The director of the FBI said providing lawful access to encrypted communication is not a technological challenge but a question of business imperatives.

Posted on December 9, 2015, at 4:42 p.m. ET

Federal Bureau of Investigation Director James Comey.
Chip Somodevilla / Getty Images

Federal Bureau of Investigation Director James Comey.

In the latest clash between Silicon Valley and the U.S. government, FBI Director James Comey called on tech companies to reconsider offering strong encryption as the use of secure messaging becomes common practice for terror organizations and criminals.

U.S. officials, including Comey, argue that secure messaging places dangerous, lawbreaking individuals outside the reach of justice. But in October, the Obama administration decided not to seek legislation forcing companies to build special access keys into their products, known as “backdoors.” In the aftermath of terrorism in Paris and San Bernardino, however, lawmakers have again pushed for privileged government access into encrypted devices.

“We've had good conversations with the folks in the tech sector,” Comey said Wednesday during a hearing in the Senate Judiciary Committee. “We understand that encryption is a very important part of being secure on the internet.” Comey acknowledged that both parties recognize there's a seemingly intractable tension between public safety and internet security.

“We see that encryption is getting in the way of our ability to have court orders effective to gather information,” he said.

After numerous meetings with technology companies, Comey said he’s come to realize that granting special access to law enforcement is not a technological problem, but a question of business imperatives.

“Lots of good people have designed their systems and their devices so that judges’ orders cannot be complied with for reasons that I understand — I’m not questioning their motivations. The question we have to ask is: Should they change their business model?”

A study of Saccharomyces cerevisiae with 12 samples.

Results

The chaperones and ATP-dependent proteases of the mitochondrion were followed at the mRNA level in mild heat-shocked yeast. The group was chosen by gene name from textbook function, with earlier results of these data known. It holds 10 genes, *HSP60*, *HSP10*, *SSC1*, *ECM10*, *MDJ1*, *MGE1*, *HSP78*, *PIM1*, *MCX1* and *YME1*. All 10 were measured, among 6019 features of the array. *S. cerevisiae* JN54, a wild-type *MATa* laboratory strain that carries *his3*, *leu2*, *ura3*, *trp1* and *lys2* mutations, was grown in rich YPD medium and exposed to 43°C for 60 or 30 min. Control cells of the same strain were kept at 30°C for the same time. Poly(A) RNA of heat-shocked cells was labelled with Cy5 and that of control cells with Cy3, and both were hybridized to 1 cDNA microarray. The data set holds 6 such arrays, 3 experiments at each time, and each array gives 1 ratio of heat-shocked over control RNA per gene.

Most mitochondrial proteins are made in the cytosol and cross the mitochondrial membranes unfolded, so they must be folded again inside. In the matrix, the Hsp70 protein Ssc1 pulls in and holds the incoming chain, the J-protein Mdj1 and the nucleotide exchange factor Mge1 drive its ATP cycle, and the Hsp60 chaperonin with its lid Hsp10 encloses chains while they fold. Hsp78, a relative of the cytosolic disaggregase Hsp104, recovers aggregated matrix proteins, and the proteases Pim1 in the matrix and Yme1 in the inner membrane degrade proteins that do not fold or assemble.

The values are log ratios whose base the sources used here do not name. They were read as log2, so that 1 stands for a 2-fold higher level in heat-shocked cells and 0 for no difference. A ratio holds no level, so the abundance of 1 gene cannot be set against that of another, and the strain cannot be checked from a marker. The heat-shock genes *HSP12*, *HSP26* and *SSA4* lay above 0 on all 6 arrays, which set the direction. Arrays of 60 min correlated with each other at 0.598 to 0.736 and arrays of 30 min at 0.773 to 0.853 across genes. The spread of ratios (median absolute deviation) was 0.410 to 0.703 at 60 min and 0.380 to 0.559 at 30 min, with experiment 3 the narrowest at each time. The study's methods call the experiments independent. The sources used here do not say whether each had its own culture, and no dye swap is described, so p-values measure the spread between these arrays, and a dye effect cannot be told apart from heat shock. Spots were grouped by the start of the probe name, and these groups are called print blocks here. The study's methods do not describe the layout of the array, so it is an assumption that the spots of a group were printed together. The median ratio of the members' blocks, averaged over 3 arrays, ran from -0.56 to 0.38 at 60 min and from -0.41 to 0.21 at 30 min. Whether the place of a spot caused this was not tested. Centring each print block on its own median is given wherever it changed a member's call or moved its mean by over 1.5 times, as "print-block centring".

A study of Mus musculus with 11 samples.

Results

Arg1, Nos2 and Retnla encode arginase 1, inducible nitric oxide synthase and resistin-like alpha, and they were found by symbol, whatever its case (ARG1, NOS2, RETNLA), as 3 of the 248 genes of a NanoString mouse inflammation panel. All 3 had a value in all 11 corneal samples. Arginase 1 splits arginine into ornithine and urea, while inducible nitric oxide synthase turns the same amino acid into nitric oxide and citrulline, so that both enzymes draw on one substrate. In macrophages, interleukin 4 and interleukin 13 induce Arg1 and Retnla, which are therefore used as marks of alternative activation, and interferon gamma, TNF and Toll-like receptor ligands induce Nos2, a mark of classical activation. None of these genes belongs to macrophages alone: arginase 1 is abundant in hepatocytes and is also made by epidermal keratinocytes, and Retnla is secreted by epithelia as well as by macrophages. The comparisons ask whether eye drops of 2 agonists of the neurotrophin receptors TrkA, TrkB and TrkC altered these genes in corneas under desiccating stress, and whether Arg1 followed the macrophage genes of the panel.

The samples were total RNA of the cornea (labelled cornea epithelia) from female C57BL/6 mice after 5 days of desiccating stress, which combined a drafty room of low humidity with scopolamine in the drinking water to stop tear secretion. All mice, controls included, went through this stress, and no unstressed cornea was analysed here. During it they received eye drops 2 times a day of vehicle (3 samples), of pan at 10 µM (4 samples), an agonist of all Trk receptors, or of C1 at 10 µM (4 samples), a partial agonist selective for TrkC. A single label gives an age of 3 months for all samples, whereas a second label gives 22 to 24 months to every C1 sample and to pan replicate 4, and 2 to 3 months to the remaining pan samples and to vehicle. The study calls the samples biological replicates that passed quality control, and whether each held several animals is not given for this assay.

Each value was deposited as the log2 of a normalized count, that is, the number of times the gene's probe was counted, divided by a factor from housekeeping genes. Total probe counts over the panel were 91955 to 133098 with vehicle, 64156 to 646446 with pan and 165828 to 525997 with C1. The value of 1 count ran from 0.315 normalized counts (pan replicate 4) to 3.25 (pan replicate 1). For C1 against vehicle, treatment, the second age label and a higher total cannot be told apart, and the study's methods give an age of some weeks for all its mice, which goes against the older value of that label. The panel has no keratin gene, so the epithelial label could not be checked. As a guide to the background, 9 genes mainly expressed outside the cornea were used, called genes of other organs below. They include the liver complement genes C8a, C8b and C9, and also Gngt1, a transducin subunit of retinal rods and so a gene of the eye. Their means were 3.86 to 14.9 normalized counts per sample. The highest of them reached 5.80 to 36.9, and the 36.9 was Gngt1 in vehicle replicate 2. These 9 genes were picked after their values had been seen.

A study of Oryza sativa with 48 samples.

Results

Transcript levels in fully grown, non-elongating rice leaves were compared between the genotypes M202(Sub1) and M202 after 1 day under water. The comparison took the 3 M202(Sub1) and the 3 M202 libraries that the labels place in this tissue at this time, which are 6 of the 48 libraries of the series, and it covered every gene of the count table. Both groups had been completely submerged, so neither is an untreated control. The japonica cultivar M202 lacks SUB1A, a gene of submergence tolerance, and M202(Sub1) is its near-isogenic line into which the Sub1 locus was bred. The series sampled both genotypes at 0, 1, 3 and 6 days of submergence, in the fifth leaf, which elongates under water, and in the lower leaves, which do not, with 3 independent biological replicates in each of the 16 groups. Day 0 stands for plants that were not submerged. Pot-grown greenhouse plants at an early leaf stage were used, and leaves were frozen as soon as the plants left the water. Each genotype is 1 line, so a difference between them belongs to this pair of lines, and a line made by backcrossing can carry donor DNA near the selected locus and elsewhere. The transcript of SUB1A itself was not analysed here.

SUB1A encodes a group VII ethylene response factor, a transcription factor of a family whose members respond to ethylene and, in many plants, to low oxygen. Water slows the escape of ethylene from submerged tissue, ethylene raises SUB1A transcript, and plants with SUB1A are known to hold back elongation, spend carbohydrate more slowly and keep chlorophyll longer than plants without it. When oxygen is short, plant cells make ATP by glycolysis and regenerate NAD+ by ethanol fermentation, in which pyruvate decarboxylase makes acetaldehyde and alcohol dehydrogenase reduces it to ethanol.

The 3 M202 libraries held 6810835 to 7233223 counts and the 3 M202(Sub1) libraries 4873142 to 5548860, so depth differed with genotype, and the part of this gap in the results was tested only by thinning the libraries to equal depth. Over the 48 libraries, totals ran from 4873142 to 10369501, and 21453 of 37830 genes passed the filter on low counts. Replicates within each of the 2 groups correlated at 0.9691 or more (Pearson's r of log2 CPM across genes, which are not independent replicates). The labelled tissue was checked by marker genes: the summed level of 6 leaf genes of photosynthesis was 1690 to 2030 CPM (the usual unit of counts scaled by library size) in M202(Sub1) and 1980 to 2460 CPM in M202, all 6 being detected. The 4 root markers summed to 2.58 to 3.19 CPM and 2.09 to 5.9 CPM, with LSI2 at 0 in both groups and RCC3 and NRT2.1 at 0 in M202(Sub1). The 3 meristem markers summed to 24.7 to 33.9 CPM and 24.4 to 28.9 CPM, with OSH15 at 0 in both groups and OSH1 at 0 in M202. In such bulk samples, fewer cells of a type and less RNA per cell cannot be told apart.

The FBI director did not offer any suggestions as to how such a change might work. For now, he hopes that companies will figure out on their own how to supply readable communications to judges who have issued court orders. And he reiterated the position that the administration does not support backdoors: “The government shouldn't be telling people how to operate their systems.”

Comey was limited to commenting on the investigations in Paris and San Bernardino and did not provide evidence that the attackers encrypted their communications. The FBI, he said, is collecting data that will reveal how encryption interferes with law enforcement work against terror plots and criminal conspiracies. “There is no doubt that the use of encryption is part of terrorist tradecraft,” he said. “They understand the problems we have getting court orders to be effective when they are using these mobile messaging apps.”

While neither Comey nor administration officials are pushing for new encryption laws, Sen. Dianne Feinstein, a California Democrat, spoke in favor of government intervention. After Comey would not commit to supporting mandated encryption rules, Feinstein rebutted: “Well, I’m going to seek legislation if nobody else is.”

After meeting with technology companies and learning that certain communications cannot be decrypted or otherwise made readable to law enforcement, Sen. Feinstein said she will seek legislation that would limit the tech industry’s ability to offer end-to-end encryption, arguing that, in certain court-mandated instances, “encryption ought to be able to be pierced.”

“I have concern about a PlayStation, which my grandchildren might use, and a predator getting on the other end talking to them — and it's all encrypted,” she told the committee.

Comey replied: “I would very much like to get to a world where if a judge issues an order, companies are able to comply with it. Either to unlock a device or to provide the communications between terrorists or between drug dealers or kidnappers.”

While the congressional panel was largely sympathetic to the FBI director’s comments on encryption, Sen. Mike Lee, a Republican from Utah, posed an argument to Comey that has been used effectively by technology firms and civil society groups: If American companies are compelled to offer weaker security products, won’t sophisticated criminals and smart consumers just use foreign ones, leaving U.S. firms and citizens disadvantaged?

“There is no way to solve this entire problem,” Comey offered in response.